Women could be struggling to pursue leadership development due to a range of workplace barriers, according to the Australian Greens.
The political party said Australia’s working women face pressures from every direction and more needs to be done to ensure they have the same opportunities as their male counterparts.
In a new equality proposal, the Greens party said it is committed to helping women by seeking legislation that will help them better fill the financial gap they experience throughout their lives.
“A woman’s lifetime of lower pay, less full-time work and family care means many women are today likely to outlive any superannuation savings they may receive. Increasing numbers face serious financial shortfalls in retirement,” the plan stated.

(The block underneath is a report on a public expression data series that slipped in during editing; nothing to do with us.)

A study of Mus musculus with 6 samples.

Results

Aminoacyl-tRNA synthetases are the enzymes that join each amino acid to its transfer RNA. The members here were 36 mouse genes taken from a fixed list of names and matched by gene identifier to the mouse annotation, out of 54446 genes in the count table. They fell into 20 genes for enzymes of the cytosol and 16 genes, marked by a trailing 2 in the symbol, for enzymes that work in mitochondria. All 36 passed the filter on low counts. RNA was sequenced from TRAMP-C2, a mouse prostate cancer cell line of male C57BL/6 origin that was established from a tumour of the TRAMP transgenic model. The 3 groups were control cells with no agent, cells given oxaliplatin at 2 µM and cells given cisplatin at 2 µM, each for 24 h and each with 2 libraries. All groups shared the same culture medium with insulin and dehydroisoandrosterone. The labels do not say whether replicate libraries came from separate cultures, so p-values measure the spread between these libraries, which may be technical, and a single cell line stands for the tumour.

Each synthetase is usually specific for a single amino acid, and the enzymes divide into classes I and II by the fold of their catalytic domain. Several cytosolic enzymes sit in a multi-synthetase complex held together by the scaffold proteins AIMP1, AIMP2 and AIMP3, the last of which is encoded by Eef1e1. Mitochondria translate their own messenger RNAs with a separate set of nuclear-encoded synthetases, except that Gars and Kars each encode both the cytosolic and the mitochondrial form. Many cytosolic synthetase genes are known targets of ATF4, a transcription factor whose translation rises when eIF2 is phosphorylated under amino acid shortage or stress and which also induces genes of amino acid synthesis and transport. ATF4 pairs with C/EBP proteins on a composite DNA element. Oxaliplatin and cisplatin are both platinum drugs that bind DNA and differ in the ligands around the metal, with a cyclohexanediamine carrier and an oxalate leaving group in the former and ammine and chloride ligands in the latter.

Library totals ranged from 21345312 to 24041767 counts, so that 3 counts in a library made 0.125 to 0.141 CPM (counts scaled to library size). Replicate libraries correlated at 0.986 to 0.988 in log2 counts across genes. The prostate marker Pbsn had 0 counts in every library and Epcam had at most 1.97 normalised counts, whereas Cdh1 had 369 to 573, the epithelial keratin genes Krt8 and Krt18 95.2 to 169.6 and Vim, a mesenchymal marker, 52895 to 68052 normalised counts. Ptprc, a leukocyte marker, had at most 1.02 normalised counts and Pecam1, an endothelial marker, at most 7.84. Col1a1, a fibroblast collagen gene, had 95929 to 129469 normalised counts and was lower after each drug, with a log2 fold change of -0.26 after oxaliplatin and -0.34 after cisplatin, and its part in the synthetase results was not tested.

One of the key battles areas is equal pay, the Greens claimed, with the gender-based salary gap largely unchanged over the last 20 years.
In fact, full-time working women earn nearly 17.6 per cent less than men in similar roles, an even bigger disparity than the 15 per cent recorded in 2004.
Public sector pay gaps are smaller at 13 per cent, while the private sector averages a 21 per cent difference.
People in full-time sales roles experience the biggest gap, with men earning 28 per cent more than women.
“A woman with children, on average, will earn around $1 million less than a man with children in her lifetime,” the Greens explained.
This means women in Australia retire with under 33 per cent of the superannuation that men do, with 87 per cent of women aged over 70 having no super.
The Greens said it is important to support changes to super that benefit women rather than disadvantaging them, particularly those with caring responsibilities.
According to the party, incentives for businesses to establish on-site childcare facilities could help to combat this issue.